While Sony Corp.’s smartphone business is floundering, the division that produces image sensors used in digital cameras for other phone-makers is enjoying double-digit growth. So the Japan-based company announced today that it is spinning off its semiconductor business — which includes the production of image sensors — as part of a strategy to boost profitability and become more competitive in that market.
The new business, Sony Semiconductor Solutions, is set to begin operating on April 1, 2016. The company is also revamping other organizations in its devices segment to promote growth in the battery and storage media markets.
Sony said the changes are aimed at enabling its semiconductor, battery and storage media businesses to “more rapidly adapt to their respective changing market environments and generate sustained growth.” In two separate announcements earlier this year, the company also said it would invest $1.25 billion in its factories to increase image-sensor production capacity.
‘Higher Demand’ for Image Sensors
In its most recent quarterly financial report, released at the end of June, Sony said its mobile communications business had seen a 16.3 percent year-on-year decrease in revenues. The drop was not surprising, however, as the company has been pivoting away from smartphones to focus on more profitable areas such as camera sensors and PlayStation game devices.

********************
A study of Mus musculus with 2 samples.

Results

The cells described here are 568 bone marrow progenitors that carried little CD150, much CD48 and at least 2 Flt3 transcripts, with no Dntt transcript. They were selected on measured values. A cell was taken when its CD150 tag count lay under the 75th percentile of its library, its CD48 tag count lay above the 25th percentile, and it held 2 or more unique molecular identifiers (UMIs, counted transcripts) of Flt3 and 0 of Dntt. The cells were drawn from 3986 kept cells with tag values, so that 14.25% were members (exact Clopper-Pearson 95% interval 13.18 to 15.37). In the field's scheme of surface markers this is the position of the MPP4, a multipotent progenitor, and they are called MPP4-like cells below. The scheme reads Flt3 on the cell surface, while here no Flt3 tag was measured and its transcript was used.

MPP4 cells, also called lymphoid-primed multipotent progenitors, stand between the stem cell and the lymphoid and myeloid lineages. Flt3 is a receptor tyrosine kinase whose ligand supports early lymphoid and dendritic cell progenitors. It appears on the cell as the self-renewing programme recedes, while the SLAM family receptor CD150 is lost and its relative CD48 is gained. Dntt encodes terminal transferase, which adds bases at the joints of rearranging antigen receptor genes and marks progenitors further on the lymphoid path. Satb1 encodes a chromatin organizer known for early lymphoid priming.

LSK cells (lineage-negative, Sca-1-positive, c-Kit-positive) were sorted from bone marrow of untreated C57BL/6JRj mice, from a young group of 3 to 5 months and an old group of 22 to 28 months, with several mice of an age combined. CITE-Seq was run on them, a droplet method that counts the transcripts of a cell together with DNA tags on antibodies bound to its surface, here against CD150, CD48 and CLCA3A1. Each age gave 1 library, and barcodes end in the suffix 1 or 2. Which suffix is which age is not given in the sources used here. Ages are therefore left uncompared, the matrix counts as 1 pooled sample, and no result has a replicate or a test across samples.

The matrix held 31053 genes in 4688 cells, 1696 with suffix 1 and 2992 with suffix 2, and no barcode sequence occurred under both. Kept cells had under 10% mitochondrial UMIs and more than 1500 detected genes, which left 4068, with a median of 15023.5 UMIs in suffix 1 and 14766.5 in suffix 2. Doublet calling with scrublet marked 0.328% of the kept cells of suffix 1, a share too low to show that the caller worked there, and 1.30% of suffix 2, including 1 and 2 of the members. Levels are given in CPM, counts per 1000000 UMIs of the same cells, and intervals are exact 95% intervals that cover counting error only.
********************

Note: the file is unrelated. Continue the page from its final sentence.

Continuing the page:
“This decrease was due to a significant decrease in smartphone unitsales resulting from a strategic decision not to pursue scale in order to improve profitability,” the company said.
Sony’s devices unit, meanwhile, saw sales increase by just over 35 percent in Q1, “primarily due to a significant increase in sales of image sensors reflecting higher demand for image sensors for mobile products,” according to the company’s June 30 financial report.
Plan To ‘Achieve Dominance’
“Two Sony-made image sensors and related parts” go into every one of Apple’s latest iPhone 6 smartphones, according to an April 28 report in the Wall Street Journal. The article cited market research that found Sony earns as much as $20 for every iPhone 6 sold.
Apple reported at the end of September that sales of the new iPhone 6 and iPhone 6 Plus broke every one of the company’s previous first-weekend sales records, with more than 13 million devices sold in three days.
With its image sensor business seeing strong growth, Sony aims to increase production at its Yamagata and Nagasaki technology centers from around 60,000 wafers per month to around 87,000 wafers per month by the end of September 2016.
The company has outlined a plan to “achieve dominance” in the CMOS (complementary metal-oxide semiconductor) image sensor market. “Demand for these image sensors is anticipated to further increase, particularly within the expanding market for mobile devices such as smartphones and tablets,” the company said.
Sony’s growth plan has focused on developing image sensors with ever-increasing pixel counts, better resolution and higher speeds. In addition to expecting continued growth in the smartphone and tablet markets, the company also foresees greater opportunities in digital imaging in areas such as security , authentication and healthcare.